PostPosted: Fri Jul 29, 2011 10:25 pm 


PostPosted: Fri Jul 29, 2011 10:54 pm 


PostPosted: Sat Jul 30, 2011 5:27 am 
Paul, generally it takes a pretty long while for classical works to be established as claasic or important pieces, and that might be the issue with those two works. I could find a mention of "Für Alina" in any of the sources I use, and only one mention of "Spiegel im Spiegel". According to that source, the latter is a cello sonata. From what I gather, it seems that Part is more noted for orchestral and choral music than for solo piano music.

Yeah, he probably is. Anyway thanks for the answer. Had to check what you said about "Spiegel im Spiegel". Apparently it was originally written for piano and violin. I didn't know that at all, only knew it as a solo piano piece. But Pärt often changed the instrumentation of his works, so it doesn't really surprise me.


PostPosted: Sat Jul 30, 2011 6:16 am 
You're welcome, gray. For Chopin, a good CD is Murray Perahia's performances of Ballades 1-4; Etudes Op. 10/3-4; Mazurkas Op. 7/4, 17/4 & 33/2; Nocturne Op 15/1; and Waltzes Op. 18 & 42. For Beethoven, Solomon's performances of the last 6 piano sonatas (27-32) and performances by Kempff, Brendel and Rubenstein of piano sonatas 8, 14 & 23 are recommended. (Kempff's CD also includes #21, and the other 2 also include #26.) The last 6 sonatas are more intense, but the others may be more accessible for those new to Beethoven's piano sonatas.


I appreciate it. I'll probably post again after I get some.


PostPosted: Wed Aug 10, 2011 6:43 am 
PostPosted: Sat Jan 14, 2012 7:57 pm 
61. Prelude in C sharp minor, Op. 3, No. 2 - Sergei Rachmaninoff


Should be in top 20, listen to Gilels play.



Quote:
14. Ballade No. 1 in G minor - Frideric Chopin


This is the greatest piano piece ever written.

Here's one of my favourite interpretations, although it's cutted for a movie. Listen to presto con fuoco part from 2:55.
http://www.youtube.com/watch?v=RQk3Zh71dGA


PostPosted: Wed Apr 18, 2012 2:27 pm 


PostPosted: Tue Jul 23, 2013 11:14 pm 

My personal preferences would include; Scott Joplin's Rags (I know they're not exactly "classical"), Grainger's Country Gardens and Sibelius' Sonata in F or the Three Sonatinas. I would take out one of the Shostakovitch or Prokofiev pieces, Copland (I like his later, more popular style-I don't care for the early atonal stuff), and Schoenberg. Just my preferences-it's a good list.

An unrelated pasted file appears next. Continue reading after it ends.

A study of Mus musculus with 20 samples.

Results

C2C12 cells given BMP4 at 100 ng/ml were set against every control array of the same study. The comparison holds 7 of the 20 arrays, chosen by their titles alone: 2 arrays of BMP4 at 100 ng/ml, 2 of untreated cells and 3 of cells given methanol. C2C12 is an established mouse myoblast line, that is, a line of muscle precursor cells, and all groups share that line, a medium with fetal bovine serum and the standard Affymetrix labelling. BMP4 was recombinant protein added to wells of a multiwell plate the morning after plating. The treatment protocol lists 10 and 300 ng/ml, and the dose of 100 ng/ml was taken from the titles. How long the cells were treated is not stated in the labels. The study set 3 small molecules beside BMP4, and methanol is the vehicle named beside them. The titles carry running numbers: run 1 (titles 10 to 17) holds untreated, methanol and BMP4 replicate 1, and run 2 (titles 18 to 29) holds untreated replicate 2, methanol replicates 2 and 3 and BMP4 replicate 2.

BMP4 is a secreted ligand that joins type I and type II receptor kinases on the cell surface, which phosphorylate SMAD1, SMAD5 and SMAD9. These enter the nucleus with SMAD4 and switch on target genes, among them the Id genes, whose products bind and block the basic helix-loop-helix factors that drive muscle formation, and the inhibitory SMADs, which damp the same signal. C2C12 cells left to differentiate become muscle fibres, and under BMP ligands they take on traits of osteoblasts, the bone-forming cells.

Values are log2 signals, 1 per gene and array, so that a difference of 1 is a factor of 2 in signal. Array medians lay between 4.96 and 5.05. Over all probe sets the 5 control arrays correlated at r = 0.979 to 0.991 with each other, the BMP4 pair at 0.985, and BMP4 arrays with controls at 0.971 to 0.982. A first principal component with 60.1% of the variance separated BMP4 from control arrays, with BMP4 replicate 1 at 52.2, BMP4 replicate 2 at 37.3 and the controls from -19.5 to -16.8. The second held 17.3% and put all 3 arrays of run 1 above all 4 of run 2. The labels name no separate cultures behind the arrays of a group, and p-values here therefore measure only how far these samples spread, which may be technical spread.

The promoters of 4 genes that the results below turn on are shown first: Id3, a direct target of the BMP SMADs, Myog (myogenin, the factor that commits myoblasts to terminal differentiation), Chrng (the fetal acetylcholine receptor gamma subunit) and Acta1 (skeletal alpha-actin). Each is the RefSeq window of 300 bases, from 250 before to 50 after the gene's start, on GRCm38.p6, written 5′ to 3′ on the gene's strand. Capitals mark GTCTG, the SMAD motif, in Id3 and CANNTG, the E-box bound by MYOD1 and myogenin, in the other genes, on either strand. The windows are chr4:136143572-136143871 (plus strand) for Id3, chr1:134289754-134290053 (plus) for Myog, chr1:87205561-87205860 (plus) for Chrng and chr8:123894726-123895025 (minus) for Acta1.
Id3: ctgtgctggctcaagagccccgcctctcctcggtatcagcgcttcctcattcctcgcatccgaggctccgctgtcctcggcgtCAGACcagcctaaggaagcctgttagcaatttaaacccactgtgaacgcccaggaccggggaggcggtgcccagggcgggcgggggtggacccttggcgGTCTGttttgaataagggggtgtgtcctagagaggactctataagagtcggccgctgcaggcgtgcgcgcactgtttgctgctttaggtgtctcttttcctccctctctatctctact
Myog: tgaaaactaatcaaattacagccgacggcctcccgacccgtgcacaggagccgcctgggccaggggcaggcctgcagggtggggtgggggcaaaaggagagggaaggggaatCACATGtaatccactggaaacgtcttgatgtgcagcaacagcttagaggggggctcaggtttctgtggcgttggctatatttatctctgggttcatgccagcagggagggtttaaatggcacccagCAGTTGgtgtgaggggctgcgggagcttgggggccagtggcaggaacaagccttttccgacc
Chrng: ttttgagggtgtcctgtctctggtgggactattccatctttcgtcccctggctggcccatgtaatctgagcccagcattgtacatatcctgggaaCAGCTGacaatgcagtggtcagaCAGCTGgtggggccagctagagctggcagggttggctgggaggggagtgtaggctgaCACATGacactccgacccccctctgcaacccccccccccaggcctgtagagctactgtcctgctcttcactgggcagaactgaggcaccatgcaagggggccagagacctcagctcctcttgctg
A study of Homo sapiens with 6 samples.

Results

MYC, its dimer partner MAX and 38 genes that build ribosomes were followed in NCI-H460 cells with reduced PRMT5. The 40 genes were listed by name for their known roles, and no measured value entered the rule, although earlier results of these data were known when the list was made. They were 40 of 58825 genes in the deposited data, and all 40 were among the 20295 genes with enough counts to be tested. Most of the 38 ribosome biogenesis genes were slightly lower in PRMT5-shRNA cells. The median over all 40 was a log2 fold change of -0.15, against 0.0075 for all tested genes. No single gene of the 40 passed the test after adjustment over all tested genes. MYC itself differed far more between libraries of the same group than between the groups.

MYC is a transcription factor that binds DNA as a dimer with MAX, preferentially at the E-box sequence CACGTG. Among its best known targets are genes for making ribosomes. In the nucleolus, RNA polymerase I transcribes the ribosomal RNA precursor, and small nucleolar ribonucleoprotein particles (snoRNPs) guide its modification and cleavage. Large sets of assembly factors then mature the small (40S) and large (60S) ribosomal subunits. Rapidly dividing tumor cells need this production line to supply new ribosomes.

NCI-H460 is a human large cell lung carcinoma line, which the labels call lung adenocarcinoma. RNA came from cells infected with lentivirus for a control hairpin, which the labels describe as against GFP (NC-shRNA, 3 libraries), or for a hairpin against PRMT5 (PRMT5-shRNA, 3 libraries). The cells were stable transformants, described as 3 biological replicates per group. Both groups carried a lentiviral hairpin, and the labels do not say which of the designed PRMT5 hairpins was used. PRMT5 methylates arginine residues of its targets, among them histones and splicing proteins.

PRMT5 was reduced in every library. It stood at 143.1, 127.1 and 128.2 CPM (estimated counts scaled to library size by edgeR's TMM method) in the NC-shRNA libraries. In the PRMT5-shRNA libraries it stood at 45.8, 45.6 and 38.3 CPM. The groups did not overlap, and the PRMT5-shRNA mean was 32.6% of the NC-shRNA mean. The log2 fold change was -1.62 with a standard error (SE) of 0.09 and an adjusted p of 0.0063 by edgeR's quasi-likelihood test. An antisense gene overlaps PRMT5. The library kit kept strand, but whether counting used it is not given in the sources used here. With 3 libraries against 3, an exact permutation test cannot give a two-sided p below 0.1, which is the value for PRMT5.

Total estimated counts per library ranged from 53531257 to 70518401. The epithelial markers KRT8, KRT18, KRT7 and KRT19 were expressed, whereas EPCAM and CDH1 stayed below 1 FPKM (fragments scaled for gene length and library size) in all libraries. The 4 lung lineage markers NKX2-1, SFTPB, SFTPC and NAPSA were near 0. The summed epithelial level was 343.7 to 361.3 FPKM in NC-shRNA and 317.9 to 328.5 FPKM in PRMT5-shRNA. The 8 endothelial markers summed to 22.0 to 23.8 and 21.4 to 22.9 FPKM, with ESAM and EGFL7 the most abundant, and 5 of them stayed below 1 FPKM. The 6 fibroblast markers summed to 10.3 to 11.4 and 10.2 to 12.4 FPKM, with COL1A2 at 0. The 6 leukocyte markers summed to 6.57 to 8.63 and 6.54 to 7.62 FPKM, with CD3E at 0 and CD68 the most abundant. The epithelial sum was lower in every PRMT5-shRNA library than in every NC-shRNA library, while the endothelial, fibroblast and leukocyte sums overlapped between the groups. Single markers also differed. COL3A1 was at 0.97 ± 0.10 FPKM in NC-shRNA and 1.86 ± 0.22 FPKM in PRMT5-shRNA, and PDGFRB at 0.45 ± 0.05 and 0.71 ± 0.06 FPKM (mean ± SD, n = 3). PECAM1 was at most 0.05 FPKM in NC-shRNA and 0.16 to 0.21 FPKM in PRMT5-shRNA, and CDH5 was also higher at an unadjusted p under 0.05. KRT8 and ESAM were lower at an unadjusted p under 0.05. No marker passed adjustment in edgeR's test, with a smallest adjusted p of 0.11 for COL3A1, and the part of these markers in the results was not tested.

Last edited by musiclistsareus on Wed Jul 24, 2013 12:04 am, edited 1 time in total.

PostPosted: Wed Jul 24, 2013 12:01 am 
J.S. Bach didn't "technically" compose much for "piano" (the early pianos of his era didn't have the same quality available to Mozart or Beethoven). Most of his keyboard works were intended for harpsichord or organ (though they do work very well on piano, too). I'm not saying they shouldn't be included-It's just an interesting side-note.

My personal preferences would include; Rameau, Grainger, Sibelius and Nyman. I would take out Shostakovitch, Prokofiev, Copland (I like his later, more popular style-I don't care for the early atonal stuff), and Schoenberg. Just my preferences-it's a good list.

Not a fan of Shostakovich or Prokofiev?


PostPosted: Wed Jul 24, 2013 12:06 am 


PostPosted: Wed Jul 24, 2013 2:17 pm 
I like Prokofiev's Classical Symphony and a few others. Shostakovitch seems somewhat cold and "technical". Both are okay, but I prefer many others to them.


That's not really a good answer as to why they should be taken out. This list doesn't exist to cater to your preferences


PostPosted: Fri Jul 26, 2013 10:37 pm 

I wasn't trying to change your preferences. I'm just sharing mine.